Reviewed by: Carole McDonnell
|Featuring:||Johnny Depp, Heather Graham, Ian Holm, Robbie Coltrane, Jason Flemyng|
|Director:||Albert Hughes, Allen Hughes|
|Producer:||Don Murphy, Jane Hamsher, Kevin Messick|
|Distributor:||Twentieth Century Fox|
Like many conspiracy theories, “From Hell”, re-works history and uses art to make a political statement. When it comes to conspiracy theories, there are a few things we all know. For instance, we know that most of the evils in the world are caused by wealth, prejudice, and power. We “think” that the wealthy always conspire through law or through secret societies to keep power in their hands and if that power goes, then the poor folks of the world will suffer for it. We know, too, that in Victorian England, the world’s first modern serial killer, Jack the Ripper, created fear among London’s “unfortunate women” (prostitutes) through some very ghastly killings and dis-embowelings. What we didn’t know, of course is that Jack the Ripper’s crimes might have been the secret conspiratorial work of some powerful agency.
The heroes of this movie are “working girls,” prostitutes who are used by the repressed hypocritical upper class. The main hero, Inspector Abberline (Johnny Depp), is an opium-addicted detective who takes laudanum (related to heroin) to create visions of murders happening across London. He also might be taking laudanum and absinthe to numb himself to the pain he feels about the death in pregnancy of his wife. When we first meet our hero, he is “wasted” in an opium den and visions of Jack’s future crime are appearing to him. We might even be able somehow identify with Mary Kelly (Heather Graham), the main heroine and the prostitute Inspector Abberline falls in love with. Besides, unlike all her murdered friends, she is never really seen actually “working.” And, in a scene reminiscent of “Pretty Woman”, we get to view the prostitute’s highest wish: a rich and good man who will marry her and take her away from poverty.
The film speaks against prejudice. We see that Victorian England was like many modern countries. The poor and the non-WASP are the spiritual shadows of the rich. Those who happen to be rich because of an accident of birth believe themselves to be more moral than the minority or the disenfranchised. Crimes are generally supposed to be done by the poor or by minorities. In Victorian London, no one truly cares about murder victims in the poorer communities. No one wants to believe that a gentleman might be responsible for any of these crimes. Some can’t even conceive that an Englishman may be the culprit. They believe that Jack is probably Jewish, Catholic, a wild escaped “Red Indian,” a butcher or some combination thereof. The problem, however, is that Jack’s murders are surgically precise. Education and Enlightenment is the cause of it. Inspector Abberline can only assume that we are dealing with surgeons—an upperclass person—unless Jack is a truly educated middle-class butcher. That is when his problem begins. And no rich powerful person can be trusted because power has already corrupted him. And we all know how protected the insider can be.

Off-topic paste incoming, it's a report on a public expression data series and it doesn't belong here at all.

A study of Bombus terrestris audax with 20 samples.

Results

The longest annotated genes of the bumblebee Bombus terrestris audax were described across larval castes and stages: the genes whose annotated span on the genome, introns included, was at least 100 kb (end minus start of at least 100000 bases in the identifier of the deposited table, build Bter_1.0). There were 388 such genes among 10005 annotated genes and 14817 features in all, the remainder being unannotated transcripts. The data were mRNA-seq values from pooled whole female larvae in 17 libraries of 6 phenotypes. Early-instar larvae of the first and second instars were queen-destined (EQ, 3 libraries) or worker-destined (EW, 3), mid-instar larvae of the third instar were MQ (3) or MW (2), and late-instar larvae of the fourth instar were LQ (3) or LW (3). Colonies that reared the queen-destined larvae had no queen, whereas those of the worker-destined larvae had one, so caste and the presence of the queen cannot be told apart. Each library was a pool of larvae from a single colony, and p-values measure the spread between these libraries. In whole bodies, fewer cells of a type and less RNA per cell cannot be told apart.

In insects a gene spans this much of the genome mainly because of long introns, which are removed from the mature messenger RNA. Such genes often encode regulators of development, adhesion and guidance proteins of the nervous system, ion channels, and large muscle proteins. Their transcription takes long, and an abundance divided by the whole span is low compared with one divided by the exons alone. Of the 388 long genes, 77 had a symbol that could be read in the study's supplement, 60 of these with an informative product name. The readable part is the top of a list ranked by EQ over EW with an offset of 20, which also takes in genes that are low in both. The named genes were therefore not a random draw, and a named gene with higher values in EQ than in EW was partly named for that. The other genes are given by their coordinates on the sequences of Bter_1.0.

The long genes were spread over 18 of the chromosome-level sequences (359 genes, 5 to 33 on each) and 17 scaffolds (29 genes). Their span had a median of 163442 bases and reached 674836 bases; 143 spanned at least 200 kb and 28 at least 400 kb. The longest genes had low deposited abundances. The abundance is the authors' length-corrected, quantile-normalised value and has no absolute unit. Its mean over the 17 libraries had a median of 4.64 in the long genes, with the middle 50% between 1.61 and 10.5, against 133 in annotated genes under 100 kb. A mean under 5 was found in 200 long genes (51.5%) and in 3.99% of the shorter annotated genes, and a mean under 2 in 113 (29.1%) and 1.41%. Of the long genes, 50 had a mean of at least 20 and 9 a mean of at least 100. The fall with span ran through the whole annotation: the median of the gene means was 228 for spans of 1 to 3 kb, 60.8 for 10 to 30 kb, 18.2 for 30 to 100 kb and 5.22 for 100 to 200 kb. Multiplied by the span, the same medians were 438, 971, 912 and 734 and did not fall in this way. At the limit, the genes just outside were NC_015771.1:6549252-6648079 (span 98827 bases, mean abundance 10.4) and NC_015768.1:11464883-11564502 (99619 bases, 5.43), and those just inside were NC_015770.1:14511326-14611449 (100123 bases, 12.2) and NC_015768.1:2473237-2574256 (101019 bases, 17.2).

But for all its good intentions, the story did not hold me. The love story is weak. The lovers have few scenes together. The story is slow and there are gaping holes in the plot. For instance, why doesn’t he tell the girls that the killer snares his victims with grapes? And if he sees the future victims in his visions, why doesn’t he see the killer? The Hughes brothers, who directed the film, have called it a ghetto film because it deals with the condition of poor people on the edge of society. That preoccupation with poor folks is a good thing. But it makes the movie seem as if it is raking over old territory. In fact, the movie-viewer might be tempted to say, “Been there, Done that.” The film “Topsy-Turvy” dealt with Victorian repression and hypocrisy much better. And the James Spader film, “Jack’s Back,” did a neat re-imagining on the Jack the Ripper serial killer motif. Movies about emotionally-wounded and/or addicted detectives such as “The Watcher,” the French movie, “Homicide”, and in the PBS series “Sherlock Holmes”. As in all movies about conspiracy theories, it doesn’t know when to stop. And like “JFK”, another conspiracy movie, goodness is suspect.
This movie is not for many Christians. I had no problem with the addicted detective hero and the prostitute heroine although this might turn off some Christians who want heroes we can identify with. To me, poverty and grief have brought them where they are and this is Victorian England where the poor had few choices. The drug-induced visions alone might be too tempting for immature teens who are seeking “higher” knowledge. I also found myself getting annoyed at the conspiracy. don’t get me wrong: I am a great believer in conspiracy and some theories are intriguing… after all, the history we have is usually written by the victors… how can we trust it? But as a Christian, I get annoyed at the utter distrust the media has of good people, especially good historic figures. What will we get next? Florence Nightingale as a mad poisoner? (When you see the movie, you’ll know what I mean.)
All in all, this film is not as good as “Sleepy Hollow”, another Johnny Depp period piece. But it does a good job of creating another ghetto and another world quite well. There is graphic violence, a bit of lesbianism, and some shots of mutilated bodies. it’s well-done and is a moody period piece with a kind of political message. But I cannot whole-heartedly recommend it.